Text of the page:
Having a leak in your roof can be more than a nuisance. Leaks are the cause of major issues such as structural damage, mold, dry rot, and interior damage, and more. Locating a leak can be really easy or really hard depending on the roof area and weather conditions.

Most roof systems function by the principal of gravity. Understanding the way water runs down your roof can be a big help in locating a leak source. At Ace Roofing we like to approach a leak diagnosis by thinking like a raindrop. However, sometimes the horizontal sheeting can cause the water to run sideways and become misleading to the true leak area. Common leak areas we check first are:

The field of the roof

This area is less common than other leak areas and is usually found on older roofs. Usually asphalt is very resistant to field leaks. Other roof systems such as tile, slate, and wood shake are more delicate for foot traffic so having an experienced Ace Roofing professional perform an inspection my be a better option than walking around on yourself.

Valleys

These are high risk areas of your roof because they are the areas that experience the most water movement. A valley is the connection line between two faces of the roof that meet. Depending on the age of your roof, roof system type, and the city code guidelines; metal or rolled roofing should under lay the valleys of your roof. Sometimes there is nothing under laying the valley. issues occur from rust on metal valleys or poor and faulty installation.

Head wall and step flashing

These are areas where the roof meets a wall. On a wall that is going down along a slope, there are overlaying pieces for every row of roofing called step flashing. Leaks happen in these areas more common than other areas.  This flashing may be behind wood siding or in front of a brick wall. The flashing should extend over the shingles at least three inches. If the wall is brick or other masonry, the flashing must bend and extend one inch into a mortar joint. Tar, caulk or roofing cement should never be used in conjunction with these materials. If you see them, it is a sign that someone tried to patch a leak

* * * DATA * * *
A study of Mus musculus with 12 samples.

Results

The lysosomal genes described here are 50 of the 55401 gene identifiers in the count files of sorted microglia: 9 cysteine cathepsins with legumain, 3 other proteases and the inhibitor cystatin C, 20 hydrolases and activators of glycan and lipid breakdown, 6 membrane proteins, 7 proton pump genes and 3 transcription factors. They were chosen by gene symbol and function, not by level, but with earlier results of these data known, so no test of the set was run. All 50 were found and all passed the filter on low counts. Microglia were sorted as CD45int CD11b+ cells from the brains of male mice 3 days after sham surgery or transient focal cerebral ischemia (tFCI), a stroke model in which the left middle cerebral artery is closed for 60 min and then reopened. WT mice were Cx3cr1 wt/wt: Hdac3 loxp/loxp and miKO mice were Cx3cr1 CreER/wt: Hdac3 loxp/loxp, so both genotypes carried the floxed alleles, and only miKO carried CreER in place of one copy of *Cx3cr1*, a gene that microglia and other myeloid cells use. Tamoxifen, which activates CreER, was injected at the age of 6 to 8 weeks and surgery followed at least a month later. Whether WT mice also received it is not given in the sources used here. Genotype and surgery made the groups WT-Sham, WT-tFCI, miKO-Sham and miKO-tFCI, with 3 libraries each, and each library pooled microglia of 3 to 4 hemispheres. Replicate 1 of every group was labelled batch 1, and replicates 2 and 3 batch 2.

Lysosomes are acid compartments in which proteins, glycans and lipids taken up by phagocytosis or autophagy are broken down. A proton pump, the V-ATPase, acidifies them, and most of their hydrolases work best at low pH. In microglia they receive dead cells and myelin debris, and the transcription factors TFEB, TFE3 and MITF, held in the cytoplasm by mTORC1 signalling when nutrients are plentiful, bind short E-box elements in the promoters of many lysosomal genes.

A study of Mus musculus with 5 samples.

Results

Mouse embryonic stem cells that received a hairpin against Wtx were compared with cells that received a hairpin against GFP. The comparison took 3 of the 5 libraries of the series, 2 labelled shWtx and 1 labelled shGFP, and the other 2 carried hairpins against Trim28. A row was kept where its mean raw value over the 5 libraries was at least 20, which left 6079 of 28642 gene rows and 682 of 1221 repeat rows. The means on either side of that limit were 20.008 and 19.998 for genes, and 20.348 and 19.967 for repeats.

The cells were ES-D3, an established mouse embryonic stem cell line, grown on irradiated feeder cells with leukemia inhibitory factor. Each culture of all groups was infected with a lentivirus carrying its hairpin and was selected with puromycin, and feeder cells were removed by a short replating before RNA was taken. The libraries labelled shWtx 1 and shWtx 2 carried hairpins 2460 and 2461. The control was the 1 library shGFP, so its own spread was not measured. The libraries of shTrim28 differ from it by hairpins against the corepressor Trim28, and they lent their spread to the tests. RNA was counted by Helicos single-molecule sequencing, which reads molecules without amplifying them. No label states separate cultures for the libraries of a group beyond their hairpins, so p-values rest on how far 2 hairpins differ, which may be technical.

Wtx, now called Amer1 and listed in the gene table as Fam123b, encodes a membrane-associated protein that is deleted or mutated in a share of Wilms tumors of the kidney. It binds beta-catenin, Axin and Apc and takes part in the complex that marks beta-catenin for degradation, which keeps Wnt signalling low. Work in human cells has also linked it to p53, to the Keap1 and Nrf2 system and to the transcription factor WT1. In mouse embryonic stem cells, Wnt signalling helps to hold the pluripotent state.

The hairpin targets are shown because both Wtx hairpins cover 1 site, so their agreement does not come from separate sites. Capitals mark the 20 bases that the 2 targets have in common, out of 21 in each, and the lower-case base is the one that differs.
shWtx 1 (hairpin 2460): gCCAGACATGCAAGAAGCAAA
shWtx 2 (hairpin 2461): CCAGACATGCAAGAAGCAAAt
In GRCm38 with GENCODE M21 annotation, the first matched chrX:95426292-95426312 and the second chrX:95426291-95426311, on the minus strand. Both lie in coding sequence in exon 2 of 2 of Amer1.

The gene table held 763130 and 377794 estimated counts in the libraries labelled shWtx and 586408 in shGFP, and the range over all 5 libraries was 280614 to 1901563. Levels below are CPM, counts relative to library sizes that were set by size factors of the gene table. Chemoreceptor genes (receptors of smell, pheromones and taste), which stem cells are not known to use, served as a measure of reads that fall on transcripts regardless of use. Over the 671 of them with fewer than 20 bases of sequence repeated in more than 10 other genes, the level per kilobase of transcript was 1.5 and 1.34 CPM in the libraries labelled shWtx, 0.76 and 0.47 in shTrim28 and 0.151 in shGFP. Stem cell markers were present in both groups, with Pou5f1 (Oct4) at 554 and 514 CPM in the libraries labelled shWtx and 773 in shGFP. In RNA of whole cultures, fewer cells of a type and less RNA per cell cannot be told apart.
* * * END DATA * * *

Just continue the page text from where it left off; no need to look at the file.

Chimneys

These are the source of many, many leaks. Chimneys contain four different types of flashing. All must be right or you will have a leak. Plus, the counterflashing that goes into the brick mortar joint must be right. A hairline crack above the flashing can allow vast amounts of water to run behind the flashings.

Plumbing Vent Flashings

Newer vent flashings are a concern of mine. Many of these incorporate a rubber seal with an aluminum flashing. The rubber can fail in as little as 10 to 15 years. Look for cracked rubber around the plumbing pipe. The flashing should dive up and under the shingles that extend up roof from the middle of the plumbing vent. The bottom half of the flashing should be exposed and actually cover the shingles.

Furnace or B-Vent Flashing

These flashings are basically identical to plumbing vent flashings. However, they sometimes have a metal storm collar. These simply fit tightly around the vertical pipe that exits the roof. If they become loose, the storm collars can cause leaks. Rusting on the stack can also be responsible for leaking

Ice Dam Leaks

Ice dam leaks plague people in the snow belt. These leaks can happen even if everything on your roof is just fine! Ice dams block the natural flow of water down a roof. The water begins to back up under flashings, shingles, tar paper, etc. Once water begins to flow into the house, it can drip for days. The only means of prevention is to install membranes under the roofing. The membranes won’t stop the ice but will stop water leaks if installed properly.

Wind Blown Rain Leaks

Wind driven rain can also be a major problem. Once again, you could actually have a good roof and wind will drive water up and under your roofing materials. The only lines of defense are felt paper and the ice dam membranes.

Roofing cement under shingles on the edges of roofs that face the wind are also a good idea. Don’t underestimate the power of a 70 mph sustained wind-driven rain.

Non-Roof Leaks !

Sometimes you think you have a roof leak when in fact the roof is fine. Attic condensation is a prime example. High humidity can cause condensation and “rain” to fall in your attic. It can also make the underside of the roof sheathing look wet. You think you have a leak instead. The key to this is having proper ventilation.